ALBANY — A gas pipeline proposed for expansion has been beset by a series of spills dating back to the early 1990s, according to documents obtained by an environmental group.

Dominion's New Market project calls for upgrading an existing pipeline by adding 33,000-horsepower of compressor stations. Two new stations would be built in Central New York — in Madison and Chemung counties — and an existing station in Montgomery County would be upgraded. The existing pipeline brings gas fracked in Pennsylvania into New York near Elmira and runs to Schenectady.

In the last 25 years, the project has seen at least seven spills, according to state Department of Environmental Conservation documents obtained by Toxics Targeting, an Ithaca-based environmental database firm run by fracking opponent Walter Hang. The spills were caused by the failure of an underground pipeline collar, the release of oil from equipment and the overfilling of a tank. Over the years, about 3,000 tons of contaminated soil have been removed from the pipeline, according to the documents.

Hang, who is set to release his findings on Friday, said the results show that the DEC must reject the expansion.

“This project cannot be allowed to proceed because it has already caused pollution problems and waterways have never been properly cleaned up,” he said. “The law is very clear.”

Pipelines are generally considered to be a safer means of transporting gas and oil than by train, ship or truck. However, DEC officials have increasingly scrutinized their construction after Gov. Andrew Cuomo’s fracking ban.

The state is considering extending a public comment period on the New Market expansion and may also hold public hearings on the project, DEC spokesman Sean Mahar said.

"The New Market Utility Project is a proposal to develop two new compressor stations and to modify an existing compressor station — not to expand or develop new pipelines," Mahar said in a statement. "The Comment period ends on August 5th, and DEC will review all comments received at that time."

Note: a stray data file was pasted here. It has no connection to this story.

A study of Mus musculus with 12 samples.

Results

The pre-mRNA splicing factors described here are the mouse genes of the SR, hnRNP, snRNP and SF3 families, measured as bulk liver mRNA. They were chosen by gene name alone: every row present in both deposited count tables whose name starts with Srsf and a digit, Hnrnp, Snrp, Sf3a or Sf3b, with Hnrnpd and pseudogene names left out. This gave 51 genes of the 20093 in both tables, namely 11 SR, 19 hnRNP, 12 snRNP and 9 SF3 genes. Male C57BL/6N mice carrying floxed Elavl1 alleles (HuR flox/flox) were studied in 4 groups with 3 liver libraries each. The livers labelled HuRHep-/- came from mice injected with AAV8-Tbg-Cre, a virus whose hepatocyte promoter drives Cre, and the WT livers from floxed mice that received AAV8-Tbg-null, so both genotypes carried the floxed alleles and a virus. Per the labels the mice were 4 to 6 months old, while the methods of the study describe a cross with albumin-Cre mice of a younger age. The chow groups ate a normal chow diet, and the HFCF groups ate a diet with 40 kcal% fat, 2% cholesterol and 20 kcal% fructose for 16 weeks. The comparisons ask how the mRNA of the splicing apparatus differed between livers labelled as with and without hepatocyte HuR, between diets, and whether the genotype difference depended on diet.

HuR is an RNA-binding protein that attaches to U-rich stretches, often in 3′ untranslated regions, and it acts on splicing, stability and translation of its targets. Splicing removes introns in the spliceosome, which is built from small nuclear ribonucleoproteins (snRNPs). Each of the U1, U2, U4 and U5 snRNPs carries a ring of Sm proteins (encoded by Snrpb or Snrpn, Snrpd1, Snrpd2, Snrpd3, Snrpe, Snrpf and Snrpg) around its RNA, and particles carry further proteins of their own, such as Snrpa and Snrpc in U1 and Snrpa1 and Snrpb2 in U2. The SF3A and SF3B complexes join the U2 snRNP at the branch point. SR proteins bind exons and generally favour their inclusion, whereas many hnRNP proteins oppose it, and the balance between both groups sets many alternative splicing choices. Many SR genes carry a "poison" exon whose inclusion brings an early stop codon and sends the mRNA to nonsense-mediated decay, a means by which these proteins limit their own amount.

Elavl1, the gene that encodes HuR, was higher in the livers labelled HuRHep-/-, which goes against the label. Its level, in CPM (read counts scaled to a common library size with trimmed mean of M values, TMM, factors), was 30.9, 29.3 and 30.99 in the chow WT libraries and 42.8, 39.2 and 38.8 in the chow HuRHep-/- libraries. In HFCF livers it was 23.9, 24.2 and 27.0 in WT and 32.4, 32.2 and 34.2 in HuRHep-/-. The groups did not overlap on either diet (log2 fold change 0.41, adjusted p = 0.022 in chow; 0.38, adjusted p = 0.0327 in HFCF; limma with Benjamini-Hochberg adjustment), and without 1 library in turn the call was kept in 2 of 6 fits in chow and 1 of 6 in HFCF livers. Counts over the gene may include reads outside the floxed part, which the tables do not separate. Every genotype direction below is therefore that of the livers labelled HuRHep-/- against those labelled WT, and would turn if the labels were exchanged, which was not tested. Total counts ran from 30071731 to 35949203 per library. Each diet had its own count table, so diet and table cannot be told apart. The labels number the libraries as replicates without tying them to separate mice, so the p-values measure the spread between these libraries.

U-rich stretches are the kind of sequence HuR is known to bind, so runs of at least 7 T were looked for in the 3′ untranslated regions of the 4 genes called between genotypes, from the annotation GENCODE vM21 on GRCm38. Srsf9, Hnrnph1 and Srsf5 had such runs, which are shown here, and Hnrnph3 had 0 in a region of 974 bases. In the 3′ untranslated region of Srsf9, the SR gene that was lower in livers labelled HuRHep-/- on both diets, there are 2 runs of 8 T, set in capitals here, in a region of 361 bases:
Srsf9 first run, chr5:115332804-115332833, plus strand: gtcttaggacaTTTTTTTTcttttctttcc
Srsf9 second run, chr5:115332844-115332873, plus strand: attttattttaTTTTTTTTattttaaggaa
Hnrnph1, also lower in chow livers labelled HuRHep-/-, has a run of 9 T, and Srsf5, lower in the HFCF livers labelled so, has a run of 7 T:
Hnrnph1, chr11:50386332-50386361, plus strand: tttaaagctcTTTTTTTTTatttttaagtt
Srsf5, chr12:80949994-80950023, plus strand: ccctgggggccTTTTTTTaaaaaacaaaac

Dominion complies with the law and reports all spills when they happen, spokesman Frank Mack said. The company also completes all required cleanup and not have outstanding site remediation projects in New York, he said.

"(Dominion Transmission) also has a robust environmental program, and believes in not only complying with the letter of the law but also the spirit and intent," he said in a statement.

New York has become more dependent on natural gas in the last decade. The state’s independent grid operator recently determined that more natural gas infrastructure is needed to maintain reliability in the future. Public Service Commission staff recently acknowledged that natural gas is necessary for economic development in the state. Meeting those needs requires more pipeline infrastructure.

Nonetheless, the administration took the unusual step of rejecting water quality permits for a Constitution pipeline in April after years of indecision. The state’s delays on the Dominion project already are longer than is typical for pipeline proposals, though it’s unclear if it will lead to another rejection.

Dominion has accused the Cuomo administration of unnecessarily delaying an approval of air quality permits for the project — the process has dragged on for more than two years. In addition, company officials have said such delays are unique to New York.